What Is a Co-op? A Different Kind of Homeownership

When you buy a co-op, you're actually purchasing shares in a nonprofit housing cooperative.


This can make financing a co-op difficult, since it's not actually a real estate transaction. But if you live in an area where co-ops are common, like New York City or Washington, D.C., a co-op could be a more affordable housing option.

Here's what you should know if you're thinking about buying a co-op.

» MORE: See other alternatives to single-family homes

What is a co-op home?

A co-op is a housing unit within a building or development that is jointly owned by all the people who live in its different units. These joint owners form a housing cooperative (hence, co-op) that is a type of nonprofit corporation.

Each owner is a shareholder, with shares allocated based on the market value of their unit. Like any corporation, a housing cooperative has a board of directors. But, as shareholders, everyone who lives there has a say in how the co-op is run.

A co-op is not the same as a condo, which is a type of real property that’s independently owned.

» MORE: What to know about buying a condo


When you buy a co-op, you don't buy the unit itself. You purchase shares that grant you the right to live in the unit. Not only are the common areas and exterior owned by the corporation — the interior of the co-op is, too. This means if you want to do a major renovation, like a kitchen remodel, you may need the co-op board's approval.

You'll pay a monthly fee that covers your portion of the co-op's expenses, which can include paying part of the underlying mortgage for the entire property.

The housing cooperative's other expenses, like property taxes, shared maintenance and utilities, are also generally split among all residents, with the amount you pay determined by your unit's value. Dividing expenses in this way can sometimes work to the shareholders’ advantage.

While condos can appear to have a lower monthly payment, co-ops are often the better deal if you consider everything the fee covers, notes Karl Beuckelaere, a Detroit-area real estate agent with Century 21 Curran and Oberski. "The fees are typically more expensive in the co-op because every month you have baked in a portion of your electricity, gas, tax, as well as maintenance," Beuckelaere says.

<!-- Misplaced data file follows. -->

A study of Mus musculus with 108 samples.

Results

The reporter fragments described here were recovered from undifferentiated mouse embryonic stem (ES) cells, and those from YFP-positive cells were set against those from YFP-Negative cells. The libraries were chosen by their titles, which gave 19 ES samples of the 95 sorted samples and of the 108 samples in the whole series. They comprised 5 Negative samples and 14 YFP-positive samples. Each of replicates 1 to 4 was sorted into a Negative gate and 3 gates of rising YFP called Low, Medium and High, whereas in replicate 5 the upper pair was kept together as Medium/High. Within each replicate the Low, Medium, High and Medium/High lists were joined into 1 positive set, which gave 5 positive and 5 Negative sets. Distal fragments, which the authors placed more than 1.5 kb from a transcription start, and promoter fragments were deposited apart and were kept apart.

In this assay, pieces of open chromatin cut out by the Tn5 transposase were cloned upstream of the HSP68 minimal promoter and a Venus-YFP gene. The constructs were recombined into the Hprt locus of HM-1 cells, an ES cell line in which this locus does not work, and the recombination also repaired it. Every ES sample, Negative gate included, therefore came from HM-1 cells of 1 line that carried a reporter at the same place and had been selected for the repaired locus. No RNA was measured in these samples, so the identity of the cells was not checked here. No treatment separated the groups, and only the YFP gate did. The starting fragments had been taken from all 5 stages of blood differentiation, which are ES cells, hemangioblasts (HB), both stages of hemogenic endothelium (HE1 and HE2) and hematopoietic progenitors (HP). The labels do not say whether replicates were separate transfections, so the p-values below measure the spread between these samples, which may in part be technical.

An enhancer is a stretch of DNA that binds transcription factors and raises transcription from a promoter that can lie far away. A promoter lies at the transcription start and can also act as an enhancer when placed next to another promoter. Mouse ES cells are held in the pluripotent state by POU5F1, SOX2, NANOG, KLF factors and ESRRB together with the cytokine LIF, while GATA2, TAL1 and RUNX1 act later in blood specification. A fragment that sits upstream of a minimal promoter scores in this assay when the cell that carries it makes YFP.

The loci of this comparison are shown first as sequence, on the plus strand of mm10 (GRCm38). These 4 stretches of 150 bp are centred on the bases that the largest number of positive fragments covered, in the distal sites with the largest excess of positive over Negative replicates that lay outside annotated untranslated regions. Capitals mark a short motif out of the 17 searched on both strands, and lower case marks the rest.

Buying a co-op may place limits on how much home equity you can accumulate or if you can accumulate equity at all. While market-rate co-ops accumulate equity much like single-family homes, limited- and zero-equity co-ops restrict your ability to profit if and when you sell your shares.

Getting a loan for a co-op

It can be hard to get a mortgage for a co-op since you don't actually own your unit. It's a grim way to think about it, but lenders won't underwrite a mortgage for a property on which they can't foreclose. Instead, you'll need a loan to purchase shares in the cooperative, sometimes called a co-op loan or share loan.


Generally, your lender will want to see how the co-op operates and take a look at the underlying mortgage. It will also examine how the board is run, checking for any major planned expenses and ensuring there are sufficient financial reserves to handle the unexpected.

Larger co-ops in areas where co-op housing is relatively common may have relationships with certain lenders, which can simplify the financing process.

Facing the co-op board

Before you can buy into a co-op, you'll have to be approved by its board of directors. This governing body functions similarly to a homeowner association, determining not only how the property is run but also who can live there.

While the law requires co-op boards to follow Fair Housing Act regulations, within those bounds they're free to create their own standards for potential residents. These most often mean financial standards, but they can also turn down applicants based on their perceived ability to abide by the co-op's rules.

Meeting the co-op board can be especially stressful, according to Evan Metalios, a real estate broker with Re/Max Team in Queens, New York. A good broker will try to understand what the board is looking for, to give their buyer as much of a leg up as possible, Metalios says.


Co-ops and condominiums are common options for those hoping to become homeowners in cities where space is at a premium. Though they might look identical, each has its own benefits. Here are a few of the pluses of each home type.

Pros of buying a condo:

  • Condos are real property, so you've got the title or deed and can take advantage of accumulated home equity.

  • Because you own your condominium, you’ll have more latitude for renovating or subletting.

  • Condos may be easier to finance and simpler to sell since buyers don’t have to be approved by a board.

Pros of buying a co-op:

  • You'll know your neighbors since the extensive approval process can mean less turnover and co-ops seldom allow sublets.

  • Co-ops may have lower closing costs than condos. For example, since a deed doesn't change hands when you buy into a co-op, you won't pay a transfer tax.

  • As a shareholder, you'll get a say in how the building or complex is run, even if you're not on the board.